Sun | Jan 20, 2019

Obama asks for calm after no charges in shooting

Published:Wednesday | November 26, 2014 | 12:00 AM
Protesters lay down on a street in Beverly Hills, Los Angeles, Calfornia, yesterday, after the announcement of the grand jury decision not to indict Ferguson police officer Darren Wilson in the fatal shooting of Michael Brown, an unarmed 18-year-old. - AP Photos
Protesters shut down Interstate 580.
Cars burn at a dealership yesterday in Dellwood, Missouri.
Protesters gather around burning refuse in Oakland.


Enraged protesters set fire to buildings and cars and looted businesses in Ferguson after a grand jury decided not to indict a white police officer in the death of an unarmed black 18-year-old, whose fatal shooting exposed deep racial tension between African-Americans and police.

Ferguson burned through the night despite pleas for calm from President Barack Obama and the family of Michael Brown after St Louis County's top prosecutor announced the officer faces no state criminal charges. Monday night's destruction appeared to be much worse than the protests after Brown's August death. Authorities used tear gas to try to disperse protesters and reported hearing hundreds of gunshots, which for a time prevented fire crews from fighting the flames.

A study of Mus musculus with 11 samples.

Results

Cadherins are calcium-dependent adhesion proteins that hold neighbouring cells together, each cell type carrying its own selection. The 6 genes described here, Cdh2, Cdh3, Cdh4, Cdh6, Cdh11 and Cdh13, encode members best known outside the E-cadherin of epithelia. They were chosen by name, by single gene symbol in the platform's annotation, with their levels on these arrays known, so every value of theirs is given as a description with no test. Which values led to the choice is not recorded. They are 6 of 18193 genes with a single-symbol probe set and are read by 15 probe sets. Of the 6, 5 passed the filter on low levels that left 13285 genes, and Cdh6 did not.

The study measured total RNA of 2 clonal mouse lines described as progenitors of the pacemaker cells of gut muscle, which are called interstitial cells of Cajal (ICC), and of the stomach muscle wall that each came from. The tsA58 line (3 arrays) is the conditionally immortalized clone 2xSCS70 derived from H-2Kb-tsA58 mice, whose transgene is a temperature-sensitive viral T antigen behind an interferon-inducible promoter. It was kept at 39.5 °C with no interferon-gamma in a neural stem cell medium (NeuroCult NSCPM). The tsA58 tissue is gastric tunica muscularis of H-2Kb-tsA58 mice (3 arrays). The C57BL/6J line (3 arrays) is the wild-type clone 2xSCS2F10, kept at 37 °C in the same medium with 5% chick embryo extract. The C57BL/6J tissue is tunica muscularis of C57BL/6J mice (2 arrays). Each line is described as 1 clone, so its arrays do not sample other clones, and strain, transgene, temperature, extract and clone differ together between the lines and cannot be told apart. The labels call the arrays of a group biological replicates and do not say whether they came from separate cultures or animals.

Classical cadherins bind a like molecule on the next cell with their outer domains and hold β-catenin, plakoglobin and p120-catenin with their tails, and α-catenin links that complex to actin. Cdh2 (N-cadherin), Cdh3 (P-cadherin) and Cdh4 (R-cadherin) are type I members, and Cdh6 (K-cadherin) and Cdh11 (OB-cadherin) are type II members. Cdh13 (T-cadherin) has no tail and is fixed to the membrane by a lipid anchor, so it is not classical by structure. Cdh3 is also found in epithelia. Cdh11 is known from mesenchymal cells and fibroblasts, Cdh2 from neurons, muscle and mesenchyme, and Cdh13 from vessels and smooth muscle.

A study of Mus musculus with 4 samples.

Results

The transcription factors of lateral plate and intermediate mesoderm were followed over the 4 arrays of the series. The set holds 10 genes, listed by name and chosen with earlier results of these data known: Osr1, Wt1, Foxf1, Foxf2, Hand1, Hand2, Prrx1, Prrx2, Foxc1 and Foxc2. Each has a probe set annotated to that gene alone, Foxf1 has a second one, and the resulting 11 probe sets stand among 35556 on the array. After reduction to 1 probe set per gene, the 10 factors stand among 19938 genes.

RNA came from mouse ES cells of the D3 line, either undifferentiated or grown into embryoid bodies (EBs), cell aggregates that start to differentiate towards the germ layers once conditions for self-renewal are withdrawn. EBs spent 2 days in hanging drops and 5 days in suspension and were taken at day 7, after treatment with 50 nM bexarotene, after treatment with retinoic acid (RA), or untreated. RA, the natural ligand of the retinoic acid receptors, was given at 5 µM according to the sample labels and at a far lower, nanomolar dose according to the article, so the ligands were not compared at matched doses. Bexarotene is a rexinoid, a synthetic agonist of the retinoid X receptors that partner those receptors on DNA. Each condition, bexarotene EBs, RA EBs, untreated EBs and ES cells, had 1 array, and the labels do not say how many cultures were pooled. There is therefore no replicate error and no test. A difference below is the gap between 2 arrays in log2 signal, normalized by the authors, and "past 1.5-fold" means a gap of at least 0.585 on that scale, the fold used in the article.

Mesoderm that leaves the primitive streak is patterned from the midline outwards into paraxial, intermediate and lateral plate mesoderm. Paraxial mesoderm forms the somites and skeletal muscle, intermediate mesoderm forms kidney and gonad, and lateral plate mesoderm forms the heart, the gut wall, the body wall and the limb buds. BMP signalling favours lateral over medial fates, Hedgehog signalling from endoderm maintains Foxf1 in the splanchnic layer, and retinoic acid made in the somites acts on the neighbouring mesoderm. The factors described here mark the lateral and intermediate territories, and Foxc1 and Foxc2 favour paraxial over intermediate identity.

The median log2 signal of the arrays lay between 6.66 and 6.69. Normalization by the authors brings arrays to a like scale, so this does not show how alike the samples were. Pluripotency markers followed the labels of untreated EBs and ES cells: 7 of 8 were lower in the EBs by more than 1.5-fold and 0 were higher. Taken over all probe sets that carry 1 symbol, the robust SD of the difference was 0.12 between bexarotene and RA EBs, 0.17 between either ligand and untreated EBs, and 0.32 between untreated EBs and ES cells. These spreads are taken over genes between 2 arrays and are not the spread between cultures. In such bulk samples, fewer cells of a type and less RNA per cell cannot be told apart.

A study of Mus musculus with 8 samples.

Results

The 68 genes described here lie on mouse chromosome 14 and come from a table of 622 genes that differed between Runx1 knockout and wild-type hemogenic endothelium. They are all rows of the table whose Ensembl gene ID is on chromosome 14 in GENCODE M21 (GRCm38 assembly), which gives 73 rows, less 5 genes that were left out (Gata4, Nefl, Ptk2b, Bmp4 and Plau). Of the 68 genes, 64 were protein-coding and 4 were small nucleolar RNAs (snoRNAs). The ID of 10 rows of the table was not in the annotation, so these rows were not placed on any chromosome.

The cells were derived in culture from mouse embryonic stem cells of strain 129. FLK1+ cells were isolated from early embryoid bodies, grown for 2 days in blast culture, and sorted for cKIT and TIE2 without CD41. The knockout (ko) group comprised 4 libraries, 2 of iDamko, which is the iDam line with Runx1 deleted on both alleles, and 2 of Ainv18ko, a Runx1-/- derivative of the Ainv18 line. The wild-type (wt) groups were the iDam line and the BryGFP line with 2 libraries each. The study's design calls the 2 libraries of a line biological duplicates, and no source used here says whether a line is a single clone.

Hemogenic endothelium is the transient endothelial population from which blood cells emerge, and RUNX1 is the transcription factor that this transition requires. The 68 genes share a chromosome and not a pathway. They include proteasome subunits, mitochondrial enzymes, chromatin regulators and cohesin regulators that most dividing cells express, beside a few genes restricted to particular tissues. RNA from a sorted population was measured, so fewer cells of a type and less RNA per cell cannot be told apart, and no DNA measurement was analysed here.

Officer Darren Wilson's fatal shooting of Brown during an August 9 confrontation ignited a fierce debate over how police treat young African-American men and focused attention on long-simmering racial tensions in Ferguson and around the US, four decades after the 1960s civil rights movement. Police were criticised for responding to protests with armoured vehicles and tear gas.

Those protests, which lasted for weeks, were often peaceful, but sometimes violent. Monday night's protests were "probably much worse than the worst night we ever had in August" after Brown was killed, said St Louis County Police Chief Jon Belmar, who added that police had not yet fired a shot. He said the fabric of the community has been torn apart in Ferguson, a predominantly black community patrolled by an overwhelmingly white police force.

Belmar said that unless his agency could bring in 10,000 officers, "I don't think we can prevent folks who really are intent on destroying a community."

Obama said on Monday night from the White House that some Americans might be angry, but need to accept the grand jury's decision.

"We are a nation built on the rule of law, so we need to accept that this decision was the grand jury's to make," Obama said. He echoed Brown's parents in calling for any protests to be peaceful.

The vast majority of protesters had left the streets by late Monday, but looting and gunfire were reported well after midnight.